The Supreme Court of the United States recently declined to hear an appeal by a Georgia security guard who claimed she was harassed and wrongfully terminated from her job due to her sexual orientation. The refusal to hear her appeal means that a decision regarding whether federal laws that ban gender-based bias also cover sexual orientation discrimination will be pushed further into the future.
In refusing to hear the appeal, the Supreme Court left in place a lower court’s ruling against the employee, Jameka Evans. Evans sued her employer in 2015, claiming a variety of discriminatory behaviors. She said that her employer attempted to force her out because she did not conform to female gender stereotypes. She also claimed that a supervisor asked detailed questions about her relationships, promoted a junior employee over her and physically assaulted her with a door.
Does Title VI Protect LGBT Employees from Discrimination?
The key question in the case was whether discrimination due to sexual orientation counted as sex discrimination under Title VI. Different courts in different parts of the United States have split on the issue. Since 2012, the U.S. Equal Employment Opportunity Commission has argued that bias against LGBT workers is a Title VI violation. However, last year, President Donald Trump’s administration argued the opposite in a case involving a skydiving instructor, who claimed to have lost his job after revealing his sexual orientation to a customer. That case is pending before a New York federal appeals court.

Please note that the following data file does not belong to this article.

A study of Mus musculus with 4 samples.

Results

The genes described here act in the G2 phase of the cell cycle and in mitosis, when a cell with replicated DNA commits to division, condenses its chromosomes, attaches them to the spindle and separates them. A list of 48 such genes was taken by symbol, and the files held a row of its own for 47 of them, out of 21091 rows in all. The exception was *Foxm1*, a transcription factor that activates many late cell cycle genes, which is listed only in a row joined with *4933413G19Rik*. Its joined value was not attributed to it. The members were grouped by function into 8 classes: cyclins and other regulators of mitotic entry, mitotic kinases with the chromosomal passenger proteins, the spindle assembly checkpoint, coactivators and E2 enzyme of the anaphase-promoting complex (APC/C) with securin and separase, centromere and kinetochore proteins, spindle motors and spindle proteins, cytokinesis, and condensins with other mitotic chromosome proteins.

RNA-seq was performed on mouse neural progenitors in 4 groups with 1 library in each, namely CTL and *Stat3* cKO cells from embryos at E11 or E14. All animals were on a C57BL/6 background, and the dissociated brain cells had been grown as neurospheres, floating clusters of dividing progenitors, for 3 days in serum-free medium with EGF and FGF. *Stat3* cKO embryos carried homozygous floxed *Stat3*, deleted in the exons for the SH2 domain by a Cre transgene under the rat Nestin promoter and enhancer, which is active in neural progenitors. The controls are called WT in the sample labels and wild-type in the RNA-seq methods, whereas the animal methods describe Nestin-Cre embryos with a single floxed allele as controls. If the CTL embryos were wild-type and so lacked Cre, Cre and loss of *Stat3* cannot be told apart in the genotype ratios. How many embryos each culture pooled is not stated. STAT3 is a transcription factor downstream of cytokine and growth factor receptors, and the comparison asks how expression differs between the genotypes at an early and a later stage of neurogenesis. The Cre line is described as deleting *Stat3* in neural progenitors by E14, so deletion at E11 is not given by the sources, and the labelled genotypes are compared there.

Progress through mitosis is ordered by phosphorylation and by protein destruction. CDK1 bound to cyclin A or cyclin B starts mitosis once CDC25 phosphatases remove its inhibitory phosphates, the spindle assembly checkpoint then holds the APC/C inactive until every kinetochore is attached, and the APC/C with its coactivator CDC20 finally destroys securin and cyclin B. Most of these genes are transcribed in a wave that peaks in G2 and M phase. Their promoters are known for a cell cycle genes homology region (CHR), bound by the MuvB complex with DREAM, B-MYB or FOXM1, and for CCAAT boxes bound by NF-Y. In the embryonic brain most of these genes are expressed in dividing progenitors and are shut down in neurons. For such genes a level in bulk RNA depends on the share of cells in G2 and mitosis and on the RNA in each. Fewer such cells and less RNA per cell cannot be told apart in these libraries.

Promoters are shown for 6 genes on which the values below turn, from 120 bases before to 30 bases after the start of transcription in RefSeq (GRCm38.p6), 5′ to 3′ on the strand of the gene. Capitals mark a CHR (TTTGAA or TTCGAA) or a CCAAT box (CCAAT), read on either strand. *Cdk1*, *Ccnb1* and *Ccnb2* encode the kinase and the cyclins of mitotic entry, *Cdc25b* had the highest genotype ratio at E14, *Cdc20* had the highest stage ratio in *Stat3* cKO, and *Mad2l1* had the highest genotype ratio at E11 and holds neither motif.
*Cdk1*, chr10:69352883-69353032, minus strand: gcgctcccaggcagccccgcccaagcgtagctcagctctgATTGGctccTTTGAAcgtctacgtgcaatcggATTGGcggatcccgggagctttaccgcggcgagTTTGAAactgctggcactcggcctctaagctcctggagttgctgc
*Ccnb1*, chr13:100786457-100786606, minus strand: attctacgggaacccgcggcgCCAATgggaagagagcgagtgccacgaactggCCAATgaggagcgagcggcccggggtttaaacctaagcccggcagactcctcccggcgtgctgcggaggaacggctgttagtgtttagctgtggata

While the question of whether sexual orientation discrimination is covered under Title VI’s sex discrimination law, in California, employers are not allowed to discriminate based on sexual orientation under the California Fair Employment and Housing Act (FEHA). If you believe you have been subjected to sexual orientation discrimination in the workplace, our attorneys are prepared to help you.